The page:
Legislators hope to override the veto in January

Gov. Jack Markell vetoed House Bill 50 on July 16, which would have allowed parents to opt their kids out of the Smarter Balance Assessment Test. His decision has prompted proponents of the bill such as Sen. David Lawson to regroup.

Lawson, who was the main sponsor, said it will be presented again in January to see if it can get the necessary votes to override Markell’s veto. If this happens, the bill will become law.

According to Rep. John Kowalko, a strong supporter and HB 50 sponsor, a three-fifths majority vote in both the House and the Senate is needed to override the veto. He hopes that his fellow legislators will follow suit and vote in a similar fashion and pass the bill as they did the first time around.

“The strategy is going to be to reassure these legislators who voted for the opt-out are kept informed of the legitimacy of that bill,” he said. “I hope they understand that they’ve already put in motion the bill passage by large majority and they’ll stick to their guns that this is the right thing to do.”

The bill passed the House 36 to 3 the first time and 35 to 1 the second. It passed 14 to 7 and 15 to 6 the second time in the Senate.

“They don’t need any convincing from me,” Kowalko said. “They voted for it in the first place”

 

Lawson, meanwhile, said the governor’s decision to veto the bill is a sign that he isn’t taking the opinion of the public seriously.

“That decision shows disregard for the term public servant,” Lawson said. “The public and the parents wanted the bill. They have the right, the obligation and the responsibility to protect their children.”

In a statement released to the House, Markell defended the move. “HB 50 would undermine the only objective tool we have to understand whether our children are learning and our schools are improving,” he said. “It has the potential to marginalize our highest need students, threaten tens of millions of dollars of federal funding, and undermine our state’s economic competitiveness.”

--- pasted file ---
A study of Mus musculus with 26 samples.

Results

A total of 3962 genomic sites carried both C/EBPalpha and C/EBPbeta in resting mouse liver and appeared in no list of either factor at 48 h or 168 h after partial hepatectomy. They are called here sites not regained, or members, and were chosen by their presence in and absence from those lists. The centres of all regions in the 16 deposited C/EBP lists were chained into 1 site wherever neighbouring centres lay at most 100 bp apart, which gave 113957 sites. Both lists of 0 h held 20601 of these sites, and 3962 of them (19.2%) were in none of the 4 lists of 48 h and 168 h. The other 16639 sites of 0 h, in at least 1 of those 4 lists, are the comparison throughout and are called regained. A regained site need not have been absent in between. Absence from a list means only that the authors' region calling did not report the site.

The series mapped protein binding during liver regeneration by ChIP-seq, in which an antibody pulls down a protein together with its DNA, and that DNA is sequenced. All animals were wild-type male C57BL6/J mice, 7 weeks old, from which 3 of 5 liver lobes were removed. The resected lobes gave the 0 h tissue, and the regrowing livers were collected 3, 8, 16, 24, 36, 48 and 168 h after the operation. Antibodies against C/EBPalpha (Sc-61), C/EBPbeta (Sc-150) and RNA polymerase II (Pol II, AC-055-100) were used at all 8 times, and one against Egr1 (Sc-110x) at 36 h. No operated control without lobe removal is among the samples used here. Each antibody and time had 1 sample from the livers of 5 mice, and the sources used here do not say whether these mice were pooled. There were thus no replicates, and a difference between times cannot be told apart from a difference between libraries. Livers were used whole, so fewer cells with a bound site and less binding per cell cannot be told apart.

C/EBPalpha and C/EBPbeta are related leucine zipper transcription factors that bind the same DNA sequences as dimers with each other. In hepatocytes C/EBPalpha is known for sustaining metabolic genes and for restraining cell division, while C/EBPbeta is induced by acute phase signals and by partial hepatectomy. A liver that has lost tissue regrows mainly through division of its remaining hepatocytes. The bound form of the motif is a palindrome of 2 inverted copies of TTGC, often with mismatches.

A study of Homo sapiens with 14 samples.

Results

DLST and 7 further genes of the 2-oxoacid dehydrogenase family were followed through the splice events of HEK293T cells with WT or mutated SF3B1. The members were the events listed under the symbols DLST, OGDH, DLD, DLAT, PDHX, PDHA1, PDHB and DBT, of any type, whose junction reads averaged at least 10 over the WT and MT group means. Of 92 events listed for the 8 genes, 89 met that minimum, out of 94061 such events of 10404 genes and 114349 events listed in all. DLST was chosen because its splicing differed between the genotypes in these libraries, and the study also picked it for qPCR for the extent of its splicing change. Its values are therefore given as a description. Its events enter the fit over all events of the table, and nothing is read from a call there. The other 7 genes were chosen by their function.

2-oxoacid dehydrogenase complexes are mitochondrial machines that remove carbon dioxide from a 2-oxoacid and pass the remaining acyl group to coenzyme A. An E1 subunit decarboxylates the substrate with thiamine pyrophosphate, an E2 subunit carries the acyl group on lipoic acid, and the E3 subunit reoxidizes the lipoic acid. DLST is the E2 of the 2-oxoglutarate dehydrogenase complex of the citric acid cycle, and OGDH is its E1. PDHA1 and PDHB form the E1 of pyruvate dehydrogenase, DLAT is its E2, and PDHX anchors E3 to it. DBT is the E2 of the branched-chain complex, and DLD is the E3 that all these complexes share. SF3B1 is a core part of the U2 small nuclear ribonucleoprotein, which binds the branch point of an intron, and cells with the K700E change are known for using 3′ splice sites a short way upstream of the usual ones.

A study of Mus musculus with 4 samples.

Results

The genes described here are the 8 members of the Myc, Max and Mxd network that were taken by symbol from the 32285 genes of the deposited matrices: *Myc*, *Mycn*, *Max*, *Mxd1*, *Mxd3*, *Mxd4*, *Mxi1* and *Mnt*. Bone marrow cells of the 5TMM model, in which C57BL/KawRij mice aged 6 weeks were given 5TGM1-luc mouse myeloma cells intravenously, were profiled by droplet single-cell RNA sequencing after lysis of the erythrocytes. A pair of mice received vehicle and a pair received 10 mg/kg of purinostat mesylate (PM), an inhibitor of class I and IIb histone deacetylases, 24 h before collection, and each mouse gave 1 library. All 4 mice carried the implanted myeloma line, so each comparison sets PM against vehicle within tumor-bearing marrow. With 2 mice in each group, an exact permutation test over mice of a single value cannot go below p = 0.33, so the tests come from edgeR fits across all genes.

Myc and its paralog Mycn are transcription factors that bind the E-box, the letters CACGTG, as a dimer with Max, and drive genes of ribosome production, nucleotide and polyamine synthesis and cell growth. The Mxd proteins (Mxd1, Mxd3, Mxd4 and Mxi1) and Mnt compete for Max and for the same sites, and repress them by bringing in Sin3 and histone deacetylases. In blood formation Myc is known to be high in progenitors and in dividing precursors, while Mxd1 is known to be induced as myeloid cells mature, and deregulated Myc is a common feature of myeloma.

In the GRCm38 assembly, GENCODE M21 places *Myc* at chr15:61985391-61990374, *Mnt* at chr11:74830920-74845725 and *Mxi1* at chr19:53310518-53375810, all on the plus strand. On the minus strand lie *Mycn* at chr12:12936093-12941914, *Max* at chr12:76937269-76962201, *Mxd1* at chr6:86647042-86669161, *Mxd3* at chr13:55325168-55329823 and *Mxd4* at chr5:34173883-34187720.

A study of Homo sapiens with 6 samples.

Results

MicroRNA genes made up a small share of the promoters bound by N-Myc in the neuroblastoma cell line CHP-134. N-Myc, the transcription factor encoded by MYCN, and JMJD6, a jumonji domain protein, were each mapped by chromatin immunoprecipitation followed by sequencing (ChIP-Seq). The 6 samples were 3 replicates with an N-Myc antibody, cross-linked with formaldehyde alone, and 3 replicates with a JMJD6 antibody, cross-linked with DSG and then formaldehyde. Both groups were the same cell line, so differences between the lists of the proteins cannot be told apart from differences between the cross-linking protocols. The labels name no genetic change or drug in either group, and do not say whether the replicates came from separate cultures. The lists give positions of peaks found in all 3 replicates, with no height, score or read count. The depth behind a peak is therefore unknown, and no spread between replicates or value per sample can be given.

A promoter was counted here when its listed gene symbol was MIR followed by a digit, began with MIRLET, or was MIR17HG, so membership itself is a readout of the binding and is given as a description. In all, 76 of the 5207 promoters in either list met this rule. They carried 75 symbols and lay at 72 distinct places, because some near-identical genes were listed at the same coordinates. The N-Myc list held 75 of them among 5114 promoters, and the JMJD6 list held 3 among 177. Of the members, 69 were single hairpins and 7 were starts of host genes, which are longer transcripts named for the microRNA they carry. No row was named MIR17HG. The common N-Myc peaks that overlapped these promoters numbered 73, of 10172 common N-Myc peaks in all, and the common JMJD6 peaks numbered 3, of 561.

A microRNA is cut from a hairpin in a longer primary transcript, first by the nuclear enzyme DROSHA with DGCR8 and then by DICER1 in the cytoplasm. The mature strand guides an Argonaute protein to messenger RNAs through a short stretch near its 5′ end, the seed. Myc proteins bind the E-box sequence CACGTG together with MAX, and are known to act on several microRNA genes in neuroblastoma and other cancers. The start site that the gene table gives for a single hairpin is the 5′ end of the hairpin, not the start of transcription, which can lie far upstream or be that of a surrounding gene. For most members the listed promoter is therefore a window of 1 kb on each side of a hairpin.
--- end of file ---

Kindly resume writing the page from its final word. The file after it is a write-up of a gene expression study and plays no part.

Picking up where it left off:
Lawson, however, objects to the governor’s reasoning.

“Funding has never been reduced because of opting out. There is no history of that,” he said. “And we test our kids so many times that if we can’t measure where they are by now we are really failing.”

In addition to vetoing HB 50, Markell simultaneously signed Senate Joint Resolution 2, which aims to inventory and reduce the amount of state testing overall as a conciliatory measure.

“I have heard the concerns of some parents and teachers that our students are experiencing too much testing,” he said.

Education Policy Advisor Lindsay O’Mara said this assessment would be conducted by a range of members of the community who would determine which tests stay and which are cut. The Department of Education will assess those given by the state, while districts will have control over local tests.

O’Mara said eliminating certain tests in response to residents’ concerns is an idea that’s preferable to House Bill 50.

“We absolutely prioritize students having time in the classroom to learn,” she said. “The state’s goal in conducting these assessment inventories and supporting the districts is to reduce and eliminate some of the testing currently required of our students.”

The Department of Education distributed grants totaling $322,863.20 to help with the assessment process. According to O’Mara, some of the money will be used to hire outside help.

However, Kowalko is convinced the inventory is a form of political distraction.

“This task force is a completely bogus action to try and blunt the will of the people to be able to opt their children out of the Smarter Balance assessment,” he said.

While Markell vetoed to the bill to make sure students and teachers are tested, Lawson believes he might cause even more people to opt out.

“I think it’s going to backfire,” he said. “I think it’s going to cause more tension and more people to opt out because of his disregard for their wishes.”

Delaware State Board of Education President Teri Quinn Gray commended Markell for vetoing a bill she said doesn’t help students reach their full potential.

“I applaud the Governor for his courage, fortitude and strong commitment to all 135,000 of Delaware’s public school students,” she said. “Though I can sympathize with those who fear that we are over-stressing and over-testing our students, HB 50 is not now, and never was, the appropriate vehicle for addressing those issues.”

Lawson, however, says the public is mostly in support of the bill and is confident the override will pass the House and the Senate when they reconvene in January.

“The public will stand up if you step on their toes,” he said.